Legendary rock music producer Phil Spector walked out of a Los Angeles courthouse today when Los Angeles County Superior Court Judge Larry Paul Fidler declared a mistrial. After 12 days of deliberation, the jury said it was still divided 10 to 2 over whether Spector was guilty of second-degree murder in the death of actress Lana Clarkson at his Alhambra mansion in February 2002. Ten jurors voted to convict and two were holdouts. Spector, 67, could still face a minimum of 15 years in prison since prosecutors have said they will retry him. Jean Rosenbluth, a University of Southern California law professor and an expert on criminal prosecution spoke to NEWSWEEK contributor Nomi Morris about the hung verdict. Excerpts:
NEWSWEEK: What happens next?
Jean Rosenbluth: It's 99.9 percent sure that there will be a retrial. It's possible the prosecutor will want to avoid another five-month trial and may try to get him to plead to a lesser charge. The issue there is that Phil Spector has made it very clear that he does not want to go to jail, and the D.A. is unlikely to accept any sort of deal that doesn't include jail time.
Can he get a fair trial, given how much publicity there has already been about this case?
I personally am of the view that just because a juror has heard things about a case doesn't mean that the juror can't be fair.
How common are hung juries in murder cases?
It happens fairly often. There was just a case where the D.A. retried somebody four times before they got a conviction. In the Mendendez brothers case there was a hung jury with both of them the first time round, and they had two separate juries. And then the second time around they were convicted fairly quickly.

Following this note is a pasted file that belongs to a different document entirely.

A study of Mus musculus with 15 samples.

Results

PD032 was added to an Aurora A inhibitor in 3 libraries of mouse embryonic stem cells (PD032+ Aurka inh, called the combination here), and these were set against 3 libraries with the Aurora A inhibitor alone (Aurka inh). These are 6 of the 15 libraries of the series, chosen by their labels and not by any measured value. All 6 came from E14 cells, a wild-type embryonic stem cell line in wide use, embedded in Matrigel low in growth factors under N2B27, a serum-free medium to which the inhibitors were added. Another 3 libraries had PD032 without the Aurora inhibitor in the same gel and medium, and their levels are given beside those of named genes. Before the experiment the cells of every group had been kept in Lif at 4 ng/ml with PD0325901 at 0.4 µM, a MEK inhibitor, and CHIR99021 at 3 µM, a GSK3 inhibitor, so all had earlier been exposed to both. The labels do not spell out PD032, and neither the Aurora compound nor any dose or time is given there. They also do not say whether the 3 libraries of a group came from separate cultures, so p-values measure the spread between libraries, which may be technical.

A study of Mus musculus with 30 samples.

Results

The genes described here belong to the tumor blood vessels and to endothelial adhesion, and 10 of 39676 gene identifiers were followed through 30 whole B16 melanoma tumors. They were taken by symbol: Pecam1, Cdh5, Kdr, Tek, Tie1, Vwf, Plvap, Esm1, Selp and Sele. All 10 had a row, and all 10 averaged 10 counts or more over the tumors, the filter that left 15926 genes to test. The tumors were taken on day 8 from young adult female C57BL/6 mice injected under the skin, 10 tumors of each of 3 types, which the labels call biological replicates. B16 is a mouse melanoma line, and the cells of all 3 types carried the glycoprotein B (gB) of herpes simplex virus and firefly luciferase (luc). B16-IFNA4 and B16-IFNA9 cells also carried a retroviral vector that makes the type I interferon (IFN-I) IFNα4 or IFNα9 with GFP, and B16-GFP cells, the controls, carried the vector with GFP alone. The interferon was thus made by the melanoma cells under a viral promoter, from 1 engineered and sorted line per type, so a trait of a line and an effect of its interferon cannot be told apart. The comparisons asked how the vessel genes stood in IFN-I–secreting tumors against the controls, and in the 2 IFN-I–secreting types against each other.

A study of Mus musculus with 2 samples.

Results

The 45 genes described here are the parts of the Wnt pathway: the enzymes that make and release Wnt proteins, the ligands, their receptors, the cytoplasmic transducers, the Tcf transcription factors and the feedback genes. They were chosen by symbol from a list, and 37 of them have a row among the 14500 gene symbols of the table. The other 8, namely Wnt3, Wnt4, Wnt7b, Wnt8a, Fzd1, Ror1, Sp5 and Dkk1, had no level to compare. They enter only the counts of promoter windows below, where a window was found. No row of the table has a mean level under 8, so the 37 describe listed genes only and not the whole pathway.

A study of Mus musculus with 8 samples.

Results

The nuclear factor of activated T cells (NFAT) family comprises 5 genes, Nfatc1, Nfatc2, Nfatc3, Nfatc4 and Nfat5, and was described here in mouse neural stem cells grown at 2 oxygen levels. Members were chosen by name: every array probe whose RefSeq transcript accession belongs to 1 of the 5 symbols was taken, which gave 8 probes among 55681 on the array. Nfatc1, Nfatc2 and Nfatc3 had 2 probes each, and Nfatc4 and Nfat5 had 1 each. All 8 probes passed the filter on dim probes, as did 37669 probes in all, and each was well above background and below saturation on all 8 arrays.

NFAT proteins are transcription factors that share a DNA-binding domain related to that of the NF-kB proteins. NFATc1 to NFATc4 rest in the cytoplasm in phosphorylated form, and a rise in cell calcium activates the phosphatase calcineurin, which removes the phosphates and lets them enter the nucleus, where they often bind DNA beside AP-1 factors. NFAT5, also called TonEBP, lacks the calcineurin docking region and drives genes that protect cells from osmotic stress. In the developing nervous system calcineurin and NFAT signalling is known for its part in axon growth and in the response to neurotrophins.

Do you think there is any more pressure on the prosecution or the judges because it looks to the public like yet another celebrity that hasn't been convicted?
There were legitimate reasons why in those other cases the person was acquitted. In all of them the prosecution's witnesses had real problems, and that didn't exist here. One could say that perhaps money bought Spector the trial, because he was able to throw so much information at the jury, brought in so many experts and investigators that he was able to throw up reasonable doubt in at least a couple folks.
What would you say was the most unusual aspect of this trial?
It was the parade of women who testified about prior incidents with Spector, in which he used a gun when they were romantically involved with him and they were trying to leave. It's very, very unusual for a prosecutor to have even one or two prior incidents, and here there were five. Not only were there five, but there were 14 that the prosecutors tried to get in and couldn't. That was really unusual, to have that solid block of pattern evidence like that.